The Language Between Self & Sickness

chronic illness swimming

For all my #spoonies out there, do you ever feel like living with #chronicillness is like performing an elaborate dance with your mirrored reflection? Sometimes she, the other, moves out of step. How could it be possible?

One of the biggest adjustments in my life has been learning to live with the unpredictability and powerlessness caused by my AS (#AnkylosingSpondylitis—say that 5 times fast). Today and yesterday I moved through fog. Body tired, mind aloof. I have had to learn to live with it, because no matter my goals or plans, my body—me—may, as a horse, stall. Today I am stalled, but somehow I’ve got my bathing suit on and am pushing through. I don’t think “pushing through” is always the answer, but it’s what I need today.

AS is one of the diseases that actually gets better (meaning has some relief, but is never cured) with movement. Many other diseases require rest. Ironically, this is a fine line—it hurts to move, and it’s hard to move when you’re tired, but you need to do it anyway—and that’s because my body makes bone where there should be tissue. My actual spine is a morphing thing. The inflammation is a war. I’m like the tin man.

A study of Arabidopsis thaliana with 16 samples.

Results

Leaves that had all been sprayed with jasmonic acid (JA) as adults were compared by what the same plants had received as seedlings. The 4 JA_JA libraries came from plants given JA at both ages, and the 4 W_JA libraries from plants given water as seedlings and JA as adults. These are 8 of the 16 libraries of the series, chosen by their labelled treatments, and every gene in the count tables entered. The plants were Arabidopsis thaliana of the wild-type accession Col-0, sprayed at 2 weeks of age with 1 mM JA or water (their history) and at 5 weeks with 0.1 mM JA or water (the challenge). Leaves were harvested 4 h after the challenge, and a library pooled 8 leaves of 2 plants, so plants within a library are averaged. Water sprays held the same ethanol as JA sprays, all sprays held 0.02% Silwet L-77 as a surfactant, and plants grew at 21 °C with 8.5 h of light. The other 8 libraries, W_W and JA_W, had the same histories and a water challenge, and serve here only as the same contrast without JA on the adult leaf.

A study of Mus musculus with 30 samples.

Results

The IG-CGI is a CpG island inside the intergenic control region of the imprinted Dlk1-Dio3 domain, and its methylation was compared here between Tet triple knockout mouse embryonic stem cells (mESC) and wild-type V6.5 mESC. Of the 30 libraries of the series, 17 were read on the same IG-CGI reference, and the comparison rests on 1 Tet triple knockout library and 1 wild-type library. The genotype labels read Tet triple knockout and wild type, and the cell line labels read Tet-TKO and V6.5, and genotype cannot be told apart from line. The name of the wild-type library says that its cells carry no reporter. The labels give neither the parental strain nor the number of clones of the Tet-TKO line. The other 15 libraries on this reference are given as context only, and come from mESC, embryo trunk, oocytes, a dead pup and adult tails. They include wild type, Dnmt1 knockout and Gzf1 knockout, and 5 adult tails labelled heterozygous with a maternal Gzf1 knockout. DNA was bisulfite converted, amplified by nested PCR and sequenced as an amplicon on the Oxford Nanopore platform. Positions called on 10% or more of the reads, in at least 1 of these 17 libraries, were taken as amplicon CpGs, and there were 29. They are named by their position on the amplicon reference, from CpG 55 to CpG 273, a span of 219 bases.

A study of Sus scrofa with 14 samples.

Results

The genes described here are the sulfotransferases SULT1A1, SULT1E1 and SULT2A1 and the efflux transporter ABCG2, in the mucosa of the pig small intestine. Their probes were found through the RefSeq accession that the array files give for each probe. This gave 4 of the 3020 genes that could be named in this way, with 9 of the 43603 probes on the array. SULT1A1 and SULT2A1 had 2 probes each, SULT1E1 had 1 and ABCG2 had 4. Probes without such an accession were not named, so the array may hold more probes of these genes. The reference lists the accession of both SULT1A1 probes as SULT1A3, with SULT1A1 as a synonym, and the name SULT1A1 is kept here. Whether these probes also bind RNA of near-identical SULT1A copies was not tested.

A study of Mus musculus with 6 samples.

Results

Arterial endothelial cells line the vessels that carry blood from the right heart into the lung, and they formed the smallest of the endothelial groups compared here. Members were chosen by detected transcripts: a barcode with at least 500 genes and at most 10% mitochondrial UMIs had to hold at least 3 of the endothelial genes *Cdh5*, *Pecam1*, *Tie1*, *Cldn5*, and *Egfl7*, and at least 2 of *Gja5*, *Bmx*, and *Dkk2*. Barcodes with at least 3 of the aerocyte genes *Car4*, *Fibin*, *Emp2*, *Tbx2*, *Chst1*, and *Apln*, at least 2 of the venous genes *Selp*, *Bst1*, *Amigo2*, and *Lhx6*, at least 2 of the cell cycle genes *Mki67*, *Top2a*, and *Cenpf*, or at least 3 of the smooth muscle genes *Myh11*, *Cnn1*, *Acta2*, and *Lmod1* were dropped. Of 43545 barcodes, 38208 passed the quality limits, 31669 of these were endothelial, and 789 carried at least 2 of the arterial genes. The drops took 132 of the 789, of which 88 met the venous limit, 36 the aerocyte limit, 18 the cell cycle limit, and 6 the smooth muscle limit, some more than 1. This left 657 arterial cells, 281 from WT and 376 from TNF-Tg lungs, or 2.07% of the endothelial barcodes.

I find there is something beautiful about the language between the “self” and the sickness—how we play a delicate game of tug of war, learn to predict one another’s needs. My body has made me suffer, gain weight and keep it, learn new ways of moving, cancel plans. And that’s ALL okay. It is alive and precious and it forces me to both be aware and present. To love myself, or at least try again when I fail—and I do fail. I wouldn’t wish chronic inflammatory sickness on anyone but the silver lining is the dialogue that happens between the selves.

I am SO grateful to be alive. To be healthy enough to move. To be able to swim. But I wish I could translate the small moments of gratitude into healing for everyone. It takes a lot to be in conversation with yourself all day, everyday.

I applaud those of you have to do it.